Black Law Students’ Association Hosts Toronto Alumni Event

Group photo of Black Law Students' Association Toronto event
Photo by Jay Paris

At the first annual reception for black graduates of Queen’s Law, alumni came together from across Ontario to join Dean Bill Flanagan and students at Toronto’s Society Loft on October 10. The event was hosted by the Queen’s Chapter of the Black Law Students’ Association (BLSA) of Canada, established in 2015 to help foster inclusivity and to give its members a platform for guidance and support.

“I am very happy with the turnout!” exclaims Michael Coleman, Law’17, co-founder and past president of BSLA–Queen’s. “Everyone was so engaged.”

Alumni on the guest list now work in a broad array of positions in the legal profession and deal with a variety of legal areas. For instance, Justice Donald McLeod, Law’95, of the Ontario Court of Justice is the first black Queen’s Law graduate to be called to the Bench; Frank Walwyn, Law’93, of WeirFoulds LLP is one of Bay Street’s first black partners; Alexander Cornelius, Law’93, is a senior crown attorney; and Gerry McNeilly, Law’93, is Director of Ontario’s Office of the Independent Police Review. Others included partners in private practice, sole practitioners, government lawyers, and an in-house lawyer for LexisNexis. Several came from Ottawa, and one alumnus even drove from Waterloo to Toronto and back, just to attend the reception.

Dean Bill Flanagan was a key speaker at the event, affirming the school’s commitment to diversity and its goal to increase the numbers of black students. He also drew the audience’s attention to the Robert Sutherland Fellowship in Law, an award established in 2015 by alumni and friends to honour the remarkable legacy of a Queen’s University graduate who, after graduating in 1852, went on to become the first black lawyer in British North America. The Fellowship supports graduate students coming from the Caribbean, Sutherland’s place of birth. BLSA–Queen’s expressed its interest in helping raise additional funds to support this Fellowship.

Justice McLeod also spoke at the reception, giving life advice to junior colleagues and students who may have come from humble beginnings. For him, mentorship has always played a significant role in his career. In his first year at Queen’s Law, he met two fellow black law students who helped guide him, and he has continued to keep in touch with them since then. He also continues to pay it forward, taking on several important initiatives that focus on uplifting black youth. For example, with the help of other black professionals, he established an organization called “100 Strong,” which unites young men with supportive mentors and promotes self-empowerment and success.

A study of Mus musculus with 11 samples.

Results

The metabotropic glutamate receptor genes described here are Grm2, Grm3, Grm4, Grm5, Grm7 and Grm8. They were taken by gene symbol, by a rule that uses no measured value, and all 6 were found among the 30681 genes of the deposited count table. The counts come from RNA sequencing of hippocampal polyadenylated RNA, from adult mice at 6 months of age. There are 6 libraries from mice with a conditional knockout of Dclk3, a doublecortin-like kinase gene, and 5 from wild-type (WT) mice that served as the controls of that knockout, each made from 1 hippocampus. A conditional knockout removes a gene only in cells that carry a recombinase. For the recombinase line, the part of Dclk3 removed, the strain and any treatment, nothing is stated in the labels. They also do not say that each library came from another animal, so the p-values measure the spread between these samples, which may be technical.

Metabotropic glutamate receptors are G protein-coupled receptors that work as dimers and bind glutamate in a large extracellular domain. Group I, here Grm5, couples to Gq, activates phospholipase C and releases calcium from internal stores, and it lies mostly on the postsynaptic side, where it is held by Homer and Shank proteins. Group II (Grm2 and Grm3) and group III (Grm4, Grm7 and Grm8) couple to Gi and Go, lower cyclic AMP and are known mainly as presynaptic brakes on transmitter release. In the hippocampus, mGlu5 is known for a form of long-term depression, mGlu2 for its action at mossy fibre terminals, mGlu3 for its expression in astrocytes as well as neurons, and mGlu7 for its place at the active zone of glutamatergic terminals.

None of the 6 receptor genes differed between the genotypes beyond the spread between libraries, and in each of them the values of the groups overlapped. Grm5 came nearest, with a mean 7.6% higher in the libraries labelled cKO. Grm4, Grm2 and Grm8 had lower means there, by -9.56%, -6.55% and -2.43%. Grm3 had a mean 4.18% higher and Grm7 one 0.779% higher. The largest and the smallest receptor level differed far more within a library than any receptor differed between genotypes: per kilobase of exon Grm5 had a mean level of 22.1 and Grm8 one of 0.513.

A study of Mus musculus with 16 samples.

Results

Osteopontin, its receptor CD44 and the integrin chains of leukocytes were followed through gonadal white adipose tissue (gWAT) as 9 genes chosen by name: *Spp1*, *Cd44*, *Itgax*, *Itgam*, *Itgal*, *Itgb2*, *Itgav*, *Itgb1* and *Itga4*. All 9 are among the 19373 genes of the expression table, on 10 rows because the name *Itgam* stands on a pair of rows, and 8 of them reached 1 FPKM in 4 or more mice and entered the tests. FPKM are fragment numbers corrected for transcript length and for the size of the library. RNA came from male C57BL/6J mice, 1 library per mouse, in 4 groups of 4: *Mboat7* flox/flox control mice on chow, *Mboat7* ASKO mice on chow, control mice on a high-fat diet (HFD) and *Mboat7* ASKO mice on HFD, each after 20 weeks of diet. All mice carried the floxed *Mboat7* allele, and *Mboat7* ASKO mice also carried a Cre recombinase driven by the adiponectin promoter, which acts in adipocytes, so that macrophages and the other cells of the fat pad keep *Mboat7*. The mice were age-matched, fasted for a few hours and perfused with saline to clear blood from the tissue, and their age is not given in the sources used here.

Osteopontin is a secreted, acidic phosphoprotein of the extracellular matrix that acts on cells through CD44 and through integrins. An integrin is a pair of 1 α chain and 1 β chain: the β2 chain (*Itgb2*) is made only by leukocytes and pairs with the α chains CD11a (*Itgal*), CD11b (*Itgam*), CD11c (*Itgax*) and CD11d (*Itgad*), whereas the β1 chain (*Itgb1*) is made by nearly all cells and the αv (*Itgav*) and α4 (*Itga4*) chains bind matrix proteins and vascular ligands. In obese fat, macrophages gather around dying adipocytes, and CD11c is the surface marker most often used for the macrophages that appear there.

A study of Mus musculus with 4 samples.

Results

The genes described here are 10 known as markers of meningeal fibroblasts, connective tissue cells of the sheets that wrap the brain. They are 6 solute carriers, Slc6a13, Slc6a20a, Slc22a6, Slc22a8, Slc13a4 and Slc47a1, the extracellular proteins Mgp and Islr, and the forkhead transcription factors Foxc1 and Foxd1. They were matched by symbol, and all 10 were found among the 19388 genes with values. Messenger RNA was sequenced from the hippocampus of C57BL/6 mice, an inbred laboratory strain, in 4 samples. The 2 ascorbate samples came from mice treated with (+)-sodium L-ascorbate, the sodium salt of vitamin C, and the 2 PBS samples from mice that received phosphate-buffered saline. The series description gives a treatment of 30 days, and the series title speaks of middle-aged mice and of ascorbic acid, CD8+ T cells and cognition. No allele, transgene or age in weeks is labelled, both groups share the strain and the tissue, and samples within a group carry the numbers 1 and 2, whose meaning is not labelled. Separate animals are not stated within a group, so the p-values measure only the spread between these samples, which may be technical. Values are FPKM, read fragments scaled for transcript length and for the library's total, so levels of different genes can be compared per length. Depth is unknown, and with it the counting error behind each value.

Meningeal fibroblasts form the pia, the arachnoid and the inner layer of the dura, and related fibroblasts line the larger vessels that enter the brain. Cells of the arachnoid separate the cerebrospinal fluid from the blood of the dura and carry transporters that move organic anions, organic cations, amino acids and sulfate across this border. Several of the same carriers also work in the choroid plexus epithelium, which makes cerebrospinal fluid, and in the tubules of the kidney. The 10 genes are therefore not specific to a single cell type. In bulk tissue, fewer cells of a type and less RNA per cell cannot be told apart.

Citing Justice McLeod and Frank Walwyn as among his main mentors, Mr. Coleman says he now uses their lessons to uplift students himself. He created a peer-support group called “Help. Learn. Inspire!” that focuses on connecting young adults with mentors in their favourite subjects and also provides them with daily motivation. “One way I do this is by informing them of the challenges I faced during law school, and how I was able to overcome them,” he says. “At all times, the focus is on helping these students both set and achieve their goals.” 

Stella Gore, Law’18, who helped organize the reception, says that having mentors in various fields has been a big help to her and she wants to take it a step further. “I’d like to see a formal mentorship program at Queen’s Law. It would be good to have that kind of support from the beginning of school.”

The reception may be the springboard to do just that. Mr. Coleman was most impressed with the humbleness and enthusiasm shown by all the graduates. “The older alumni made a concerted effort to reach out to the recent graduates and current law students with the goal of providing us with guidance and help,” he says. “This immediately showed me how much our alumni value mentorship and community – two key strengths that are also present at the law school. I may have graduated last year, but Queen’s Law and BLSA will always remain a part of me.”

This story is written by Aschille Clarke-Mendes and first appeared on the Queen’s Faculty of Law website.